Mold Inspection Orange County
Why Should I Get My Home Inspected?
There you are, standing in the entryway of what you hope to be your new home. You have pictured which of your children will fill each of the rooms, you have already started placing your furniture around in your head, you can smell dinner cooking in that gorgeous kitchen with all the new appliances, your kids are playing in the spacious yard, you are ready to make an offer. But wait; do you know what lies underneath all of the outer beauty of what you hope to be your family’s new home? There could be black mold in the walls, a leak in the septic tank, broken shingles on the roof, insufficient insulation in the walls, plumbing or electrical issues, any many other problems that you may not see until you have already made this house a home.
It is crucial to get your home inspected by a professional, licensed inspector or general contractor. They may very well find things within the home that you could never see on your own, things that the current owner should fix before selling the home, or change the price of the home. You do not want to end up getting a “lemon” because you loved what you saw and did not bother to contact a professional because you did not think that there was anything wrong with your dream home.
A physical inspection of a house should definitely be part of your purchase contract as a condition of closing the sale. The owner may have already had an inspection done and present you with the inspection report. It is wise to never rely on that inspection alone, you never know whom you are dealing with and they could have chosen an inspector known for not finding all of the underlying problems within a home. For your own protection, you should have one or more inspections done yourself, while you are present. Before you get an inspection, you should ask the seller for a disclosure about the condition of the house or any known problems or hazards that are known of in the house. In some states (California included), sellers are required to disclose this information. Not all sellers may know of all issues in the house, or may not be honest about them. The purpose of getting this information is to let your inspector know so that they can check these things out for you.
Most buyers get the property inspected when they are in contract to purchase the home. The buyer also schedules the inspections themselves. It is a good idea to also pre-inspect the home yourself to see if there is anything obviously wrong in the home (it is best to do this before making an offer on the home).
What does an inspector look for? When you take the step to get the home inspected, they inspect the home inside and out, top to bottom. A professional inspector will look for many different things in these major areas: structural components, exterior faults, roofing, plumbing, electrical, heating/air conditioning, insulation/ventilation, and interiors/appliances.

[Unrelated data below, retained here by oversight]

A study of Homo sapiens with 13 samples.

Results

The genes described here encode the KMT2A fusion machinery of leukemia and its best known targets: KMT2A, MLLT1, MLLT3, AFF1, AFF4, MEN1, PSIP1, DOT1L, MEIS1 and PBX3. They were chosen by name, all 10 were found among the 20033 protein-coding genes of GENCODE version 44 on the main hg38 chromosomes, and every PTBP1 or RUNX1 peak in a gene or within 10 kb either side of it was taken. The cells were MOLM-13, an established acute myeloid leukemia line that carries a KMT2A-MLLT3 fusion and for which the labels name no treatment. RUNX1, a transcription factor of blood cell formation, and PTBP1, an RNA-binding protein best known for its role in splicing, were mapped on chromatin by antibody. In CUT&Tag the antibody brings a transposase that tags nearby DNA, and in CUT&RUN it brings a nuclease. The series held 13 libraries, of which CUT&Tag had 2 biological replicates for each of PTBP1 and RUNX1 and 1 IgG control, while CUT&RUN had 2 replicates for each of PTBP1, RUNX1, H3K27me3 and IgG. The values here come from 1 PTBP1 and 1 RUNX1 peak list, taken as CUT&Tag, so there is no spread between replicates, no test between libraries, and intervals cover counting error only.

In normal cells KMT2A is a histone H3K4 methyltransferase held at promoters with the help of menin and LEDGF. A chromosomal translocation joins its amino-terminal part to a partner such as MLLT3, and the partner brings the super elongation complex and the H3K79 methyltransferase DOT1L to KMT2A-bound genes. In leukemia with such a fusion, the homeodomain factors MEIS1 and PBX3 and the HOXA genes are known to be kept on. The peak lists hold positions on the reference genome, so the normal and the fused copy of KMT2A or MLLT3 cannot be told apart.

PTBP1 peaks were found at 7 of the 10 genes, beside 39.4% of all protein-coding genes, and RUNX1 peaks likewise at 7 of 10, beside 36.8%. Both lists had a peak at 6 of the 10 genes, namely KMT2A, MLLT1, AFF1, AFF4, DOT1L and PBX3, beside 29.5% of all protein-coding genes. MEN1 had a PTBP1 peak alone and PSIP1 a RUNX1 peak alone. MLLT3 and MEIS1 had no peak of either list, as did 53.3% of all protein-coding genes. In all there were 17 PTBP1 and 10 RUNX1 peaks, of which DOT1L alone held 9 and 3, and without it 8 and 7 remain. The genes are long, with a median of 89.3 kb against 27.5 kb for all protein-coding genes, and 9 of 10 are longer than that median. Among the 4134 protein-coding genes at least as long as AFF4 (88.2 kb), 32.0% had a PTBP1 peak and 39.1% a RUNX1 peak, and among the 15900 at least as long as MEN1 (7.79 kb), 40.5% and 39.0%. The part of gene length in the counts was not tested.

To best protect yourself, and your checkbook, it is best to not necessarily go with the home inspector that the seller or real estate agent recommends. You definitely want someone who is going to be honest and thorough, like when you are looking for a car mechanic. You should look into the American Society of Home Inspectors (ASHI) at www.ashi.com. If you know a good general contractor that is honest, they would also be a good choice.
The home inspector is going to check out all of the functions of the house from top to bottom. This entire process will take roughly two to three hours and cost you about $200 to $500, these numbers of course depend on the size of the home, age of the home, and type of the home. It is recommended to attend the inspection that way all of the terms that will appear in your written report will not seem like a foreign language to you. You will know how major or minor a problem is and be able to ask questions.
In addition to your home inspection, it is wise to have a mold inspection, or moisture inspection to check for any potential mold growth or water damage within your home. These types of inspections should be performed by a certified restoration company. Some home inspectors will check for this, but most of them will not include this because it is outside of their scope of practice and do not want to be held liable for not finding anything crucial such as mold or water damage, as that can ultimately be dangerous to your health. Mold can be hiding in many places of the home without being obvious that it is there. Mold is definitely not something to be ignored, it is especially dangerous to people with respiratory problems, the elderly, pregnant women and newborn babies. Mold Inspection Orange County.
Fire damage is also another thing that you will want to watch out for. If there has been any fire damage in the home, there will more then likely be a very strong odor and major smoke damage. If not properly treated, this can create issues later down the road. A fire damage restoration contractor can also neutralize the indoor air quality that a fire can greatly pollute.
A couple of other things to take into consideration are to get a pest report (separate from the general inspector, you will need to hire a pest control company) to check for extra issues such as termites or beetles. You may also want to get a specialized inspection if you live in an area known for natural disasters such as earthquakes or floods. Also, a specialized inspection is a good idea if you live near environmental health hazards such s mold, asbestos, and lead.
After you have had your inspection and are satisfied with the results, you can then proceed with the home buying process with an ease of mind and know that you are getting what you are paying for.